In line with other recent case law from the Eastern District, two more Eastern District judges recently dismissed bad faith claims for failure to plead adequate facts beyond bare-bone allegations.
In Ridpath v. Progressive, Judge Pratter dismissed the insured’s bad faith claim because it rested “entirely on conclusory and bare-bones allegations.” Leave to file an amended complaint was given, provided the insured could rectify the deficient pleadings.
The complaint merely alleged, with no additional facts, that the insurer failed to negotiate the claim, failed to properly investigate and evaluate the claim, and failed to request a defense medical examination. The court looked to Judge Slomsky’s Kiessling and Toner decisions as guidance for the dismissal, as well as Judge Gardiner’s Atiyeh decision, Judge Leeson’s Krantz decision, Judge Caputo’s Sypeck decision, and Judge Baylson’s Eley decision.
Date of Decision: March 16, 2020
Ridpath v. Progressive Advanced Automobile Insurance Co., U.S. District Court Eastern District of Pennsylvania CIVIL ACTION NO. 19-5871, 2020 U.S. Dist. LEXIS 44796 (E.D.Pa. Mar. 16, 2020) (Pratter, J.)
Three days later, Eastern District Judge Darnell Jones dismissed a bad faith claim for failing to meet pleading standards. In that case, the insurer cited 10 other cases dismissing insurance bad faith claims.
Judge Jones cited to Judge Leeson’s Soldrich opinion for the proposition that when alleging unreasonable delay, specific facts must be alleged concerning the length of any allegedly unreasonable delay between notification and response. Judge Jones also cited to the Mozzo, Atiyeh, Blasetti and Eley cases as examples of conclusory bare-bones allegations with no factual support. Like the complaints in those cases, the instant complaint was lacking.
For example, the insured only made bare bones allegations that the insurer “failed to complete a prompt and thorough investigation of Plaintiff’s claim” and “fail[ed] to promptly provide a reasonable factual explanation of the basis for the denial of Plaintiff’s claim,” without alleging facts relating to the alleged delay, e.g., the length of time between the date of notice of the insured’s claim and the date the insurer responded.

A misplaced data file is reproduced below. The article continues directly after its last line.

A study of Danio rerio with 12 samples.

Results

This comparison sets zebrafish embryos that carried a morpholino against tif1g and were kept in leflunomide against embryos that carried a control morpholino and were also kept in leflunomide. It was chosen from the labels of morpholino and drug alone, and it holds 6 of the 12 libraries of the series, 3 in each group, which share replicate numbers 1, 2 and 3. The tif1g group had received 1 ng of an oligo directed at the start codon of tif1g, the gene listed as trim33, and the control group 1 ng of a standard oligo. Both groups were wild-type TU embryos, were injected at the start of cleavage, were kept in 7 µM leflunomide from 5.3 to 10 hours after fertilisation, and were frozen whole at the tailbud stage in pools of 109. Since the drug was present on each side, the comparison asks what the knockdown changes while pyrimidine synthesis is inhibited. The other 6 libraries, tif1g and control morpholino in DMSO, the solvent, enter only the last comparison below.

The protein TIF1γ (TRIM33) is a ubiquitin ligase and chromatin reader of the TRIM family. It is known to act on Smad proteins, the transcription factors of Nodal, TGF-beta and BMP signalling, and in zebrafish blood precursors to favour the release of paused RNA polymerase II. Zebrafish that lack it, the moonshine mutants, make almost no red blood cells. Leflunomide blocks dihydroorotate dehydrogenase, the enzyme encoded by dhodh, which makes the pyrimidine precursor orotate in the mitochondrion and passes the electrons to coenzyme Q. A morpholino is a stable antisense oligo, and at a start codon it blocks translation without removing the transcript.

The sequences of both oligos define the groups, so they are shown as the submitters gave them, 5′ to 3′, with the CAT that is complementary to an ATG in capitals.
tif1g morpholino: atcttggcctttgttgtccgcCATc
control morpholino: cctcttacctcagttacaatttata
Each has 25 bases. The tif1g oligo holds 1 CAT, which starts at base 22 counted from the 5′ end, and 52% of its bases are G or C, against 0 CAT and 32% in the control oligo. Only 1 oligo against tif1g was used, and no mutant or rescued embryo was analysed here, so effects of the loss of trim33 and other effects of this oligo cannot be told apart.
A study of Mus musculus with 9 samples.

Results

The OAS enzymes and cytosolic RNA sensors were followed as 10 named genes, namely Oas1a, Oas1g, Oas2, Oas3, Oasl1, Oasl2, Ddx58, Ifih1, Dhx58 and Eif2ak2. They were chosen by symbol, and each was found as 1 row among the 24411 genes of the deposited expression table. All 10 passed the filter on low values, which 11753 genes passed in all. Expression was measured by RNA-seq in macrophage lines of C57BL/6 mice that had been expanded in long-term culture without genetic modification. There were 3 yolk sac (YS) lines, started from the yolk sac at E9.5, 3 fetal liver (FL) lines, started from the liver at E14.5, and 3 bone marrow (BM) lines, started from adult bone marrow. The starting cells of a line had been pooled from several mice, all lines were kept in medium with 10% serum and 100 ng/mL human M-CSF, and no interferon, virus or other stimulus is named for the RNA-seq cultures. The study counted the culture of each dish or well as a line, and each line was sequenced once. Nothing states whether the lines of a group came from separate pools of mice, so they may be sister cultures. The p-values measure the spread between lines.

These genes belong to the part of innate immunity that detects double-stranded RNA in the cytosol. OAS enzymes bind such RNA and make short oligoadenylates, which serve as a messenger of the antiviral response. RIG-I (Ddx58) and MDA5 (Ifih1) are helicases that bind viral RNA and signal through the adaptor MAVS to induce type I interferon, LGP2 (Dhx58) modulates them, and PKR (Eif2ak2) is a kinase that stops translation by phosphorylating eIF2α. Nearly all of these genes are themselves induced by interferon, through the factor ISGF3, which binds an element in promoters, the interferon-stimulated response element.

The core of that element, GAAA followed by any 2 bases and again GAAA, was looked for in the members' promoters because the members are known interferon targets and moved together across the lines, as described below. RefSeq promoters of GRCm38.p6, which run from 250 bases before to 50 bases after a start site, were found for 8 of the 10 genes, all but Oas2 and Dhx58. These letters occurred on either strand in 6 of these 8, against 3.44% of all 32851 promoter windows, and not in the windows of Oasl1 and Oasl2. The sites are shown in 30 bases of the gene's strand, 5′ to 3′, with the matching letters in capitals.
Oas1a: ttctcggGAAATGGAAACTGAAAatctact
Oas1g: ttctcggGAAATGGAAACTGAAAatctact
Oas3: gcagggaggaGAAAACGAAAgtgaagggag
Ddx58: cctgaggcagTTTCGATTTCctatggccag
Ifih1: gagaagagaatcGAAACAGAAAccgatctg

The insured did not attempt to distinguish the insurer’s authorities. Rather, she relied upon a single case, 1009 Clinton Properties v. State Farm (discussed at length in this post), to argue her position. More than that, her complaint used the exact language found in the Clinton Properties complaint, verbatim.
Judge Jones stated, “While the court in [Clinton Properties] deemed those allegations sufficient, it surely did not intend to create a rule whereby all future plaintiffs could simply parrot the exact same allegations in order to survive a motion to dismiss.” Judge Jones then cited the basic pleading standards set out in Twombly and its progeny, and dismissed the bad faith claim without prejudice to amend that claim if the insured so chooses.
Date of Decision: March 19, 2020
Clapps v. State Farm Insurance Cos., U.S. District Court Eastern District of Pennsylvania Civil Action No. 19-3745, 2020 U.S. Dist. LEXIS 47800 (E.D. Pa. Mar. 19, 2020) (Jones, II, J.)
For those wanting to research further examples of federal pleading standards case law, here are this Blog’s category links to adequate and inadequate pleading cases.